NEW YORK — "Pink slime" was almost "pink paste" or "pink goo."
The microbiologist who coined the term for lean finely textured beef ran through a few iterations in his head before pressing send on an email to a co-worker at the U.S. Department of Agriculture a decade ago. Then, the name hit him like heartburn after a juicy burger.
"It's pink. It's pasty. And it's slimy looking. So I called it pink slime," said Gerald Zirnstein, the former meat inspector at the USDA. "It resonates, doesn't it?"
The pithy description fueled an uproar that resulted in the main company behind the filler, Beef Products Inc., closing three meat plants this month. The controversy over the filler, which is made of fatty bits of beef that are heated and treated with ammonium to kill bacteria, shows how a simple nickname can forever change an entire industry.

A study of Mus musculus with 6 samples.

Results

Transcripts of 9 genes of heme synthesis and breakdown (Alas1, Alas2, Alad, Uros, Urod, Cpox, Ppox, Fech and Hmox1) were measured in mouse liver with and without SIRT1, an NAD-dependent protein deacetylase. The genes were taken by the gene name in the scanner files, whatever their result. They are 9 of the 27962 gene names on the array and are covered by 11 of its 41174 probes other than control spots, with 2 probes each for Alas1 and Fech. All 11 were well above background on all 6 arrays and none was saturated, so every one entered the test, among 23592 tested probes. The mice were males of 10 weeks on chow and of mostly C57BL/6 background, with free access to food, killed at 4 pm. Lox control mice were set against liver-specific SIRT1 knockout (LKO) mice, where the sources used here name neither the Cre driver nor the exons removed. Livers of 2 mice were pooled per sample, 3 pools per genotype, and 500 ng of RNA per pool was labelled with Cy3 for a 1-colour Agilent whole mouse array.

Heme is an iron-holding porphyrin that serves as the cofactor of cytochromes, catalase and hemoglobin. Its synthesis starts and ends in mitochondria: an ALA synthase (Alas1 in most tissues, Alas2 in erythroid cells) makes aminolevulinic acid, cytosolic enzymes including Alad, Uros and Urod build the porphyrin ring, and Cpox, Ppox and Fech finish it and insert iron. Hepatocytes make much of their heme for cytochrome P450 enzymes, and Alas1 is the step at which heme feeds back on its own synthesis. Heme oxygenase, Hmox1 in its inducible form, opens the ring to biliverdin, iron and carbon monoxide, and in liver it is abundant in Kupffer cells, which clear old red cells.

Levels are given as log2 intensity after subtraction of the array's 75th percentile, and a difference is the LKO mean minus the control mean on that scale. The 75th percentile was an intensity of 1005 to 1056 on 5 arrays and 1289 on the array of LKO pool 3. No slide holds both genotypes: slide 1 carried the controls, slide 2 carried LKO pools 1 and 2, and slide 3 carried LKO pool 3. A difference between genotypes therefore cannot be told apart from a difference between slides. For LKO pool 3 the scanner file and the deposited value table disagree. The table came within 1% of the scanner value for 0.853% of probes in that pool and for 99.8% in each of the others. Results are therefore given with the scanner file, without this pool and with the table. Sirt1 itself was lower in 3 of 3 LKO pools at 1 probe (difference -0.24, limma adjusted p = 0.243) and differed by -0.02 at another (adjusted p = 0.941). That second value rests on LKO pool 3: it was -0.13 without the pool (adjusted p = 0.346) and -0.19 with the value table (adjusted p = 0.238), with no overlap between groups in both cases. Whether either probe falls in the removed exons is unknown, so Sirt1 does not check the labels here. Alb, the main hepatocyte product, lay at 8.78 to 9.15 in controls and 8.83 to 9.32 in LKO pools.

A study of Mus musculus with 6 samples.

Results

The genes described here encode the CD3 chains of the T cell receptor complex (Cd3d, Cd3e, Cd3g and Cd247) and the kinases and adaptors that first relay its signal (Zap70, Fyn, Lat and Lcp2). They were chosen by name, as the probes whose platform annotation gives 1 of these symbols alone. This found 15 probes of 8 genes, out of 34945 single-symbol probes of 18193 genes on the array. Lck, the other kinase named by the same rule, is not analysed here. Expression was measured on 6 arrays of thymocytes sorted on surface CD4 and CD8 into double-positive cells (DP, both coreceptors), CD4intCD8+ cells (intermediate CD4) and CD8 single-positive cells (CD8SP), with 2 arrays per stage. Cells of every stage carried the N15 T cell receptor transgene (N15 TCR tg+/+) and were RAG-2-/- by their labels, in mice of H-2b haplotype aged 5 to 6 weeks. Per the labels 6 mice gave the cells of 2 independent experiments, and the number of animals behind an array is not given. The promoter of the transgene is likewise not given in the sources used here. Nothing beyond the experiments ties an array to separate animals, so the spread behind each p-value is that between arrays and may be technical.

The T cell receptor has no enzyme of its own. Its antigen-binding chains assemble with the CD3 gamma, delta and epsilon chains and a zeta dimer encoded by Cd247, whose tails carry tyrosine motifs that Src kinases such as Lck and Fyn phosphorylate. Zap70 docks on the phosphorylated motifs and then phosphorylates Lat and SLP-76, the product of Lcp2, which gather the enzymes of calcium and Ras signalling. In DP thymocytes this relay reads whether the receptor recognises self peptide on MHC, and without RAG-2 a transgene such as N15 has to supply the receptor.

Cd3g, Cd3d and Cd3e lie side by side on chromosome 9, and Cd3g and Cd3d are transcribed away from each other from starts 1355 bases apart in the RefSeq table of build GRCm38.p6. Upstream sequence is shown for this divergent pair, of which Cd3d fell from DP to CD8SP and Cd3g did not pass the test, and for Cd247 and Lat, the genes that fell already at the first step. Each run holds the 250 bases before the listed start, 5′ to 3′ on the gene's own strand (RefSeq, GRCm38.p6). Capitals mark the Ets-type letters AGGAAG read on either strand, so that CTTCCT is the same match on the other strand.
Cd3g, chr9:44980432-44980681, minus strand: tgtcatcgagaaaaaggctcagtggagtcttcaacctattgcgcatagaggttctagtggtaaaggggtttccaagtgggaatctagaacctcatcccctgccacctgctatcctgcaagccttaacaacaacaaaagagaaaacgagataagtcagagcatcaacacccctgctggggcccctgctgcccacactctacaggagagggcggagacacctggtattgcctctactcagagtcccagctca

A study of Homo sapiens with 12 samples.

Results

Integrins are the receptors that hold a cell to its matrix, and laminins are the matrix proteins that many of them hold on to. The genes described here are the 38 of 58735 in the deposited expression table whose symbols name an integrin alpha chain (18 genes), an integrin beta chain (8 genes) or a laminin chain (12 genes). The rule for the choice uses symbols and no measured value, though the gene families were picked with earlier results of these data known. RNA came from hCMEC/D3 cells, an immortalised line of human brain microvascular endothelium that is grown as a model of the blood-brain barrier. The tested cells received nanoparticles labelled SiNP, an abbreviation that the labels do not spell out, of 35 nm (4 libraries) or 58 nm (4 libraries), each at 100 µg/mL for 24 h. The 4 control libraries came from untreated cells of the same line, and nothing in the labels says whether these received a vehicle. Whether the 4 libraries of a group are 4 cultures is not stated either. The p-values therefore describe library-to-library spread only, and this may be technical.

In fact, beef filler had been used for decades before the nickname came about. But most Americans didn't know — or care — about it before Zirnstein's vivid moniker was quoted in a 2009 article by The New York Times on the safety of meat processing methods.
Soon afterward, celebrity chef Jamie Oliver began railing against it. McDonald's and other fast food companies later discontinued their use of it. And major supermarket chains including Kroger and Stop & Shop vowed to stop selling beef with the low-cost filler.The author of the term "pink slime" makes no apologies about his creation. Zirnstein, who has since left the USDA, said he thinks "pink slime" is a better descriptor than "lean finely textured beef."
"It says it's lean. Great. But it doesn't describe what kind of lean it is," said Zirnstein, who doesn't think the product should be mixed into beef. "Textured. What does that mean?"